Zero Carbon Futures Explores the Possibility of Using EV Batteries as Energy Storage For Buildings

SEP 20 2013 BY MARK KANE 7

Multi-functional integrated demonstrator unit from Zero Carbon Futures

Multi-functional integrated demonstrator unit from Zero Carbon Futures

British firm Zero Carbon Futures is joining the club that believes in “life after death” and is developing a solution for after-life for the automotive batteries.

The goal of the collaborative project in North East England is to develop an innovative solution for used batteries from electric vehicles (EVs).

Partially worn batteries still can work as energy storage in a domestic or workplace environment, either for charging vehicles, providing an emergency power source or feeding power back into the grid.

Geoff Watson, Zero Carbon Futures technical manager said:

“Although the performance of lithium ion batteries used in EVs dwindles in their original application after eight to 10 years, they maintain around 80 percent of their operational capability, and the challenge is to successfully harness this potential. The project between SR Technology Innovations and tadea, commissioned by Zero Carbon Futures has developed a multi-functional demonstrator unit that can store power from photovoltaic (PV) panels to power the home, charge EVs, feed back into the grid or help manage your power supply to minimize exposure to peak tariffs. The system can also be charged from the grid itself, making it a truly multi-purpose energy storage tool.”

The demonstrator kit will be utilized in the North East’s Future Technology Centre.

Zero Carbon Futures argues that this kind of system will extend battery life by three-times that of its first in-car usage. So if pack will handle 10 years in the vehicle, then it should be able to withstand 20 more as stationary energy storage.

The financial and environment benefits are obvious. Now, who’s first to offer up those used EV batteries?

Categories: Battery Tech, General




One day, batteries will not have a plating problem. Design out the flaw rather than plan to use batteries in other ways once the flaw is encumbering use.

We can cross our fingers and hope for a solution to the underlying technological problems (see HFCV) or we can pursue other routes to increasing the value of batteries.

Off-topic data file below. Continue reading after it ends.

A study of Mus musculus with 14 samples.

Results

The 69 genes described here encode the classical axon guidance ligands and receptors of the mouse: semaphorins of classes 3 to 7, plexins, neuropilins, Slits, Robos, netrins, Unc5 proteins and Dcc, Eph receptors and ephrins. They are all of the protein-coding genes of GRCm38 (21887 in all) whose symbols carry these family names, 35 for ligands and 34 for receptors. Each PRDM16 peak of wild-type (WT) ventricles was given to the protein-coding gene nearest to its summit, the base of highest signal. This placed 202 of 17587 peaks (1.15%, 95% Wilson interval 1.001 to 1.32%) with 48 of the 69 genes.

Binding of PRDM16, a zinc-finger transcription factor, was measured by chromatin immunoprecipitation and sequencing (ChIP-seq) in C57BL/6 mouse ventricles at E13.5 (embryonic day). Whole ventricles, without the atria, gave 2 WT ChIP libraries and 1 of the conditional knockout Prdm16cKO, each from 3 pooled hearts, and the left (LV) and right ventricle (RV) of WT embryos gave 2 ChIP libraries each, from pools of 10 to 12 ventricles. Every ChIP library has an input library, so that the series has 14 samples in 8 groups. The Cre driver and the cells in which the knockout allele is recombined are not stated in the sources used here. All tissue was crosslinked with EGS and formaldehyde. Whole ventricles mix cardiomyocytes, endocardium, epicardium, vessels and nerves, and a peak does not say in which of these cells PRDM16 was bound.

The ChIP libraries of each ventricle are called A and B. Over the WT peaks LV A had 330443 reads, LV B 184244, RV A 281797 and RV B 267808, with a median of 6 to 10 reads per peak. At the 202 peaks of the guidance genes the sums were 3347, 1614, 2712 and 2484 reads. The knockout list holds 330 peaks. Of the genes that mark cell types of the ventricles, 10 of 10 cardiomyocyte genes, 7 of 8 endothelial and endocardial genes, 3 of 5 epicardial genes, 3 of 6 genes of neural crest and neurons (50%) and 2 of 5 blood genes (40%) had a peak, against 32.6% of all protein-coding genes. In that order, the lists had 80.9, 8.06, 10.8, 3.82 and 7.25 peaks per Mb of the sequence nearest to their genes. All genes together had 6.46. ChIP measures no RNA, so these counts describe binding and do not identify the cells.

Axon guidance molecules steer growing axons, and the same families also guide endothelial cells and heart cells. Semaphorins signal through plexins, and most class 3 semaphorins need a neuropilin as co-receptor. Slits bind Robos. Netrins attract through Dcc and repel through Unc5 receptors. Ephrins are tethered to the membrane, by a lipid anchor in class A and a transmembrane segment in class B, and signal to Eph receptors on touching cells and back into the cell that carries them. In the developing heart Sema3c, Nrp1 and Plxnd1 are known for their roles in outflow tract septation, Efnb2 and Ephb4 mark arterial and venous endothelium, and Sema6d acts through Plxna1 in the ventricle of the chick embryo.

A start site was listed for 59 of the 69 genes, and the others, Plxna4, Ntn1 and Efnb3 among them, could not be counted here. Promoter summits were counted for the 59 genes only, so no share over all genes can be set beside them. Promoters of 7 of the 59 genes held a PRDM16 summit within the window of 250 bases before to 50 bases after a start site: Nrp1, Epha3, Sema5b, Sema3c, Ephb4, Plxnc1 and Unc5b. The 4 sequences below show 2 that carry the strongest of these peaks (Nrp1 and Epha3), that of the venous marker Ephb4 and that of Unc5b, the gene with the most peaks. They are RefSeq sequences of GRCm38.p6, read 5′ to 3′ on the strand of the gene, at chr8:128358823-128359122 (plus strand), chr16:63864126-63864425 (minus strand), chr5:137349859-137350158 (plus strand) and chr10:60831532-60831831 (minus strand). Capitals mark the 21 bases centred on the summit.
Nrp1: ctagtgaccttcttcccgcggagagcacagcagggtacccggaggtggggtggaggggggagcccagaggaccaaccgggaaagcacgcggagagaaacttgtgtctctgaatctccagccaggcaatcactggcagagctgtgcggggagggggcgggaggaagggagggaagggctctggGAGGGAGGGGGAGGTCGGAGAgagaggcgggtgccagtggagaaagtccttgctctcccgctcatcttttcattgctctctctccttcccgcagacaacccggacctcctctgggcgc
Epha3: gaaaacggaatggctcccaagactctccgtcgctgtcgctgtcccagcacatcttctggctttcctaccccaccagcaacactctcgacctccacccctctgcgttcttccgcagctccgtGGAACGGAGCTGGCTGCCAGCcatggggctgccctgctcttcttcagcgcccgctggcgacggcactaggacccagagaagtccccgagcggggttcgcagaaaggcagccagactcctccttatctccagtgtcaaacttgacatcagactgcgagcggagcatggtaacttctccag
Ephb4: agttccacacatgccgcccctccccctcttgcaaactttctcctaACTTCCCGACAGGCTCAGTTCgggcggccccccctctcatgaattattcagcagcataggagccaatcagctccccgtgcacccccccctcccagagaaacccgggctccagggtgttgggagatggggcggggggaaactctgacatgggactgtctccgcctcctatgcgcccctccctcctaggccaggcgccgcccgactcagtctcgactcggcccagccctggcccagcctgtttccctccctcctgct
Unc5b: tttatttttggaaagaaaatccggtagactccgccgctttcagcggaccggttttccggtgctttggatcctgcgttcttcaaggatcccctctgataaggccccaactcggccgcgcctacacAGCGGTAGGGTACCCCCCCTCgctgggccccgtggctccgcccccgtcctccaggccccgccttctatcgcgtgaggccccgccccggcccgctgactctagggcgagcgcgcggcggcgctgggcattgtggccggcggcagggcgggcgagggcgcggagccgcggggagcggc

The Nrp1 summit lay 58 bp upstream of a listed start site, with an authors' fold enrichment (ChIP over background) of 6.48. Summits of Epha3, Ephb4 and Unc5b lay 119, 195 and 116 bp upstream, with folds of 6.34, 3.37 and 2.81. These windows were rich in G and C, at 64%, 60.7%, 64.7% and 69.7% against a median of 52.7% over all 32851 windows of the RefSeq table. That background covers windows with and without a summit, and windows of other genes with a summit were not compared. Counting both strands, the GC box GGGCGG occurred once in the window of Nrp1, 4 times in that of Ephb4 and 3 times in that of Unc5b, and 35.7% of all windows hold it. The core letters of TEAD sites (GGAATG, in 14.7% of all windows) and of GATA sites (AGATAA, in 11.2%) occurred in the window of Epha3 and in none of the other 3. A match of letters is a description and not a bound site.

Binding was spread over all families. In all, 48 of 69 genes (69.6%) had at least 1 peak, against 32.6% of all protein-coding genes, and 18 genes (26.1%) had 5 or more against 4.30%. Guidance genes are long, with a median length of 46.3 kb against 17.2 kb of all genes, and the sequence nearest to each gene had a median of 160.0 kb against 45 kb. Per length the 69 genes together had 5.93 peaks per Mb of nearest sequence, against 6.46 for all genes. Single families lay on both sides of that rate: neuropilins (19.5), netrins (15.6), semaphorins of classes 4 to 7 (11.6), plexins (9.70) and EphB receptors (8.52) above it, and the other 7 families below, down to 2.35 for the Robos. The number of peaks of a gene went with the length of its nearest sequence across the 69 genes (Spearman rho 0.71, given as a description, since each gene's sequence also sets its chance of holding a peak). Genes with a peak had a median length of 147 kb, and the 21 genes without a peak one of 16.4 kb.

Doesn’t GM already have a program in place to do this?

Lots of manufacturers have these in place. Re-use increases the value above simply recycling.

Having a battery pack for home that provides power storage, that can also be charged by solar panels, and pull the home completely off the grid from time to time is a great idea.

There is quite a bit of energy loss between sending power back to the grid from home solar panels. Which reduces how much the owner is credited for returning energy to the grid.

Being able to store much of that energy and actually use it to power the home instead of grid power has great potential.

Especially with the cabin in the mountains, where the solar panels can be charging the batteries and feeding back to the grid for months when the cabin is not in use. Essentially the cabin becomes a power source, that between the home solar panels, offers a zero energy use from the grid.

As this technology grows and demand for used batteries grow, it could boost EV sales and help lift mileage restrictions on EV lease contracts.

No clue what you’re really trying to say, but it certainly would not be wise to use batteries to minimize transmission losses, as those (6 to 7% in the US) are lower than a charge/discharge cycle and the necessary voltage conversions.

Yep – and that 6-7% includes long distance transmission. Your home PV system isn’t going to be sending power farther than your local neighborhood (unless a large number of your neighbors also have solar), so transmission losses will be significantly lower.